Participate in the Vanishing Bean Bags demonstrating agility, speed, and coordination during the Introductory Activity following the instructions established by the instructor.
Participate in Continuity Exercises during the fitness portion of class following the instructions established by the instructor.
Demonstrate stances and complete the Centering the Ball Task Sheet using activities demonstrated by the instructor and following instructions established by the instructor.
Participate in Speed Football demonstrating agility and cooperative skills during the game portion of class using form demonstrated by the instructor.
NATIONAL STANDARDS: 1-5
Introductory Activity (2-3 Minutes)
Vanishing Bean Bags
Every student has a beanbag they use to practice tossing and catching without moving their feet. The purpose is to teach quality tosses. On signal, they drop their beanbag and start jogging around the area. While they are moving, take away a couple of bean bags after each episode. The goal is not to be left without a beanbag,
Encourage moving under control. Avoid racing for a beanbag and reward cooperative behavior.
The goal is warm-up activity so reinforce those students who are moving over and around multiple beanbags throughout the area.
Fitness Development (8-12 Minutes)
Rope jumping—forward / 25 seconds
Double Crab Kick / 30 seconds
Rope jumping—backward / 25 seconds
Knee Touch Curl-Up / 30 seconds
Jump and turn body / 25 seconds
Push-Ups / 30 seconds
Rocker Step / 25 seconds
Bend and Twist / 30 seconds
Swing -Step forward / 25 seconds
Side Flex / 30 seconds
Free jumping / 25 seconds
Relax and stretch for a short time.
Use music segments (25 seconds) alternated with silence segments (30 seconds). When the music is playing, students jump rope; when silence occurs, students do a flexibility and strength development exercise.
Exercises can be done in two-count fashion. Exercises are done when the leader says “Ready.” The class answers “One-two” and performs a repetition.
Allow students to adjust the workload to their level. This implies resting if the rope jumping is too strenuous.
Lesson Focus (15-20 Minutes)
Stances: Students work with a partner and practice getting into the proper stance positions. When stance form is mastered, partners can practice getting into position and racing to cones five yards away.
Centering Centering involves transferring the ball, on a signal, to the quarterback. A direct snap involves placing the hands under the buttocks of the center. The ball is then lifted, rotated a quarter turn, and snapped into the hands of the quarterback.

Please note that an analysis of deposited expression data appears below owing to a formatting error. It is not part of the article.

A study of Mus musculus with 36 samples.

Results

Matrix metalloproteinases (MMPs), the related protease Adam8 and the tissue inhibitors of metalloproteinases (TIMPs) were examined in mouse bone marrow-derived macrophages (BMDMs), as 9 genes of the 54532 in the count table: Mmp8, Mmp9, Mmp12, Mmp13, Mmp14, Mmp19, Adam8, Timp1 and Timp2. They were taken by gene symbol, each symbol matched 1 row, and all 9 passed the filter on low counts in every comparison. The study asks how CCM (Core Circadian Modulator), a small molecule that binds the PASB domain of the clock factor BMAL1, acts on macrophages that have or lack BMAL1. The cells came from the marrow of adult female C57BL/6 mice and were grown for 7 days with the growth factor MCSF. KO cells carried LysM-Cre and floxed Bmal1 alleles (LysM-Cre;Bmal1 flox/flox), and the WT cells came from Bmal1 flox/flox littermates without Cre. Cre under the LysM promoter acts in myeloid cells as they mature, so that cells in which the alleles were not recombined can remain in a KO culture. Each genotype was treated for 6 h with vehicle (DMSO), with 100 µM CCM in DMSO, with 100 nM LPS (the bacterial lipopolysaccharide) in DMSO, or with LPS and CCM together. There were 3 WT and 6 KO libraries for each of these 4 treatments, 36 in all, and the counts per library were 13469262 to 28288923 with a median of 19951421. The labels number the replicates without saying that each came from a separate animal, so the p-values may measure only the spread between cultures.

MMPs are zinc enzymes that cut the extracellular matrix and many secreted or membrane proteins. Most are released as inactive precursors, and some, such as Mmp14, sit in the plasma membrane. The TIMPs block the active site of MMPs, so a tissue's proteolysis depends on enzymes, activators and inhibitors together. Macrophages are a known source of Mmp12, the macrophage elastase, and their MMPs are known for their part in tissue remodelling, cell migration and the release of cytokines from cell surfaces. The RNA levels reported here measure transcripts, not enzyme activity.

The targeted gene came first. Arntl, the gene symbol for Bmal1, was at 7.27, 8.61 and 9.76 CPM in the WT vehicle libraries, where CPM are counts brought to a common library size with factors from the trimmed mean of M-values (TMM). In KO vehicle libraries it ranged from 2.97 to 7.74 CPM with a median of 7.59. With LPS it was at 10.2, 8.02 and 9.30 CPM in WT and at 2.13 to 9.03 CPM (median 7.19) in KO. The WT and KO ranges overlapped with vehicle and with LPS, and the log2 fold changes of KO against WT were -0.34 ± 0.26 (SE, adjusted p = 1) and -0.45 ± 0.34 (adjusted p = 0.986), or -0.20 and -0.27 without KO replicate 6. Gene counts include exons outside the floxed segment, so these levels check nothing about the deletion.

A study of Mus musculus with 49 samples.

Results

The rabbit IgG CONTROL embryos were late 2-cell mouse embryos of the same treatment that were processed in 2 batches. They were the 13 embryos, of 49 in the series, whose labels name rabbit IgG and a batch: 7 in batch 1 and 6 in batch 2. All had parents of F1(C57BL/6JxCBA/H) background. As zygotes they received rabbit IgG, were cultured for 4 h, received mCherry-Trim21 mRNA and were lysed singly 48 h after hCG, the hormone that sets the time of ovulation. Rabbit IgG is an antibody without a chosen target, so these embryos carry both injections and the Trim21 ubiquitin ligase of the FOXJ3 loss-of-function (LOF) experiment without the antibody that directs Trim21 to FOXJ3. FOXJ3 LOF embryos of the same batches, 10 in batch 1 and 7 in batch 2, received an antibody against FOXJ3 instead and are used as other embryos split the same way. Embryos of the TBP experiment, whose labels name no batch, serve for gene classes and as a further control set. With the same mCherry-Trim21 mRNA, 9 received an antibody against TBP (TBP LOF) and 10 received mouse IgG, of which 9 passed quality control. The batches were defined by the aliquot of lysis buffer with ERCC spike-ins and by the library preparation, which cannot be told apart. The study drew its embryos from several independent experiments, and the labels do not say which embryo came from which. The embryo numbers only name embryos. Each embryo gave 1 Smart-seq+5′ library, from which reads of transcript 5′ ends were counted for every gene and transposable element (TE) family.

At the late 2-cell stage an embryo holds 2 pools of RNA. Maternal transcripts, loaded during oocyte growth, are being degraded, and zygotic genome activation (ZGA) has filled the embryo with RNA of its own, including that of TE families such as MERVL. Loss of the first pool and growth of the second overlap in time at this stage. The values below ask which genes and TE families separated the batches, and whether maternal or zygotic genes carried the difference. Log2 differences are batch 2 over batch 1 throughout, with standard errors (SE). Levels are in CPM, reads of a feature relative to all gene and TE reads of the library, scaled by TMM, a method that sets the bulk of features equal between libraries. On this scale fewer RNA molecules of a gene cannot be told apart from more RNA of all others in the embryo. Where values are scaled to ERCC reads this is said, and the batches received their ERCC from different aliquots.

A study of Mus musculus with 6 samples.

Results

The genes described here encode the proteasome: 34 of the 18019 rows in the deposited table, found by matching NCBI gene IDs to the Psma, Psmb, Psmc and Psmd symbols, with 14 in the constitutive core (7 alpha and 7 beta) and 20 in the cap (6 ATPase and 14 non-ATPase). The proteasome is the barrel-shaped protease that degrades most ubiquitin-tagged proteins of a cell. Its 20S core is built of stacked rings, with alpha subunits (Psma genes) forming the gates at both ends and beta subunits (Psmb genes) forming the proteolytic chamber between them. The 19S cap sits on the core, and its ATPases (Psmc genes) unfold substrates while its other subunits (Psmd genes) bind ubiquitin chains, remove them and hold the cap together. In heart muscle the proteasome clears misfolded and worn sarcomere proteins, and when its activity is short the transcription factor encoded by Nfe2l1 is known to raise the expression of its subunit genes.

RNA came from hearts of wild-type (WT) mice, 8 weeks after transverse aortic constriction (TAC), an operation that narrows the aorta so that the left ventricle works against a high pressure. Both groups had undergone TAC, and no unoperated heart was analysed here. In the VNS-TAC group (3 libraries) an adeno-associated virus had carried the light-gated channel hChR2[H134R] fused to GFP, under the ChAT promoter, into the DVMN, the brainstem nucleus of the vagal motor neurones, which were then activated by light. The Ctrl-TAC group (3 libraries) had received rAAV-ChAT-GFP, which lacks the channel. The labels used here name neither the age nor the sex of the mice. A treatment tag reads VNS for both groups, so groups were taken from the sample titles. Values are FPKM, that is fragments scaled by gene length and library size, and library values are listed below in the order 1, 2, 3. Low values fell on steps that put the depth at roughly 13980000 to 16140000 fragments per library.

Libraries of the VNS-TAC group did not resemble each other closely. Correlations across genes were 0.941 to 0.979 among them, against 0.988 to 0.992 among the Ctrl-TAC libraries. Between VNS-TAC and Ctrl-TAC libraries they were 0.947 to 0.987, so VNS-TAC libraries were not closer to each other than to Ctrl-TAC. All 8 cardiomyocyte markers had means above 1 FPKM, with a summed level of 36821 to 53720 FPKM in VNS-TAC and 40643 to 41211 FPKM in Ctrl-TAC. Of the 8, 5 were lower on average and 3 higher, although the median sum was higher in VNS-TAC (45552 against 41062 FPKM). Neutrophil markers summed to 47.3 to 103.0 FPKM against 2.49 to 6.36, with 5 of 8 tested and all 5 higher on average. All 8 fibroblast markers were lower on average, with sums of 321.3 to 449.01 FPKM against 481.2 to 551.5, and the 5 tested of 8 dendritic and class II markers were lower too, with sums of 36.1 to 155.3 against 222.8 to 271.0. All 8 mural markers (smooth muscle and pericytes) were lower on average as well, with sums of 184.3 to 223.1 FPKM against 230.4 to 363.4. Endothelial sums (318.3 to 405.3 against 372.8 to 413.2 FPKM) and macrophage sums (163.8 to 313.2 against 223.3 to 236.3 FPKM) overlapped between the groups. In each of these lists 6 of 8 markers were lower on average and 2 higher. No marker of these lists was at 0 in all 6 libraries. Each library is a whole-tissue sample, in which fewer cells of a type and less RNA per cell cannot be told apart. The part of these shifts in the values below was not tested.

The centering player takes a position with the feet well spread and toes pointed straight ahead. Knees are bent and close enough to the ball to reach it with a slight stretch. The right hand takes about the same grip as is used in passing. The other hand is on the side near the back of the ball and merely acts as a guide. On signal from the quarterback, the center extends the arms backward through the legs and centers the ball to the quarterback.
Offensive players often use a 3-point stance with toes pointed forward and head up. Defensive players usually use a 4-point stance with more weight on hands. The 2 point stance is also used. Have students demonstrate when you call out 2-, 3- or 4-point stance.
Instructional cues for centering include the following: 1. Reach forward for the ball. 2. Snap the ball with the dominant hand. 3. Guide the ball with the non-dominant hand.
After practicing the direct snap and center pass, use the Centering the Ball Task Sheet below with students in groups of three.
The ball can be kicked off or started at the 20-yd line. The object is to move the ball across the opponent’s goal by running or passing. If the ball drops to the ground or a player’s flag is pulled when carrying the ball, it is a turnover, and the ball is set into play at that spot. Interceptions are turnovers and the intercepting team moves on offense. Teams must make at least four complete passes before they are eligible to move across the opponent’s goal line. No blocking is allowed.
Playing more than one game at a time on smaller fields will allow more students to be actively involved in the game.
Evaluation/Review and Cheer
Review types of Stances and elements of Centering the Ball. What is the position linemen use? What muscles were used in class today?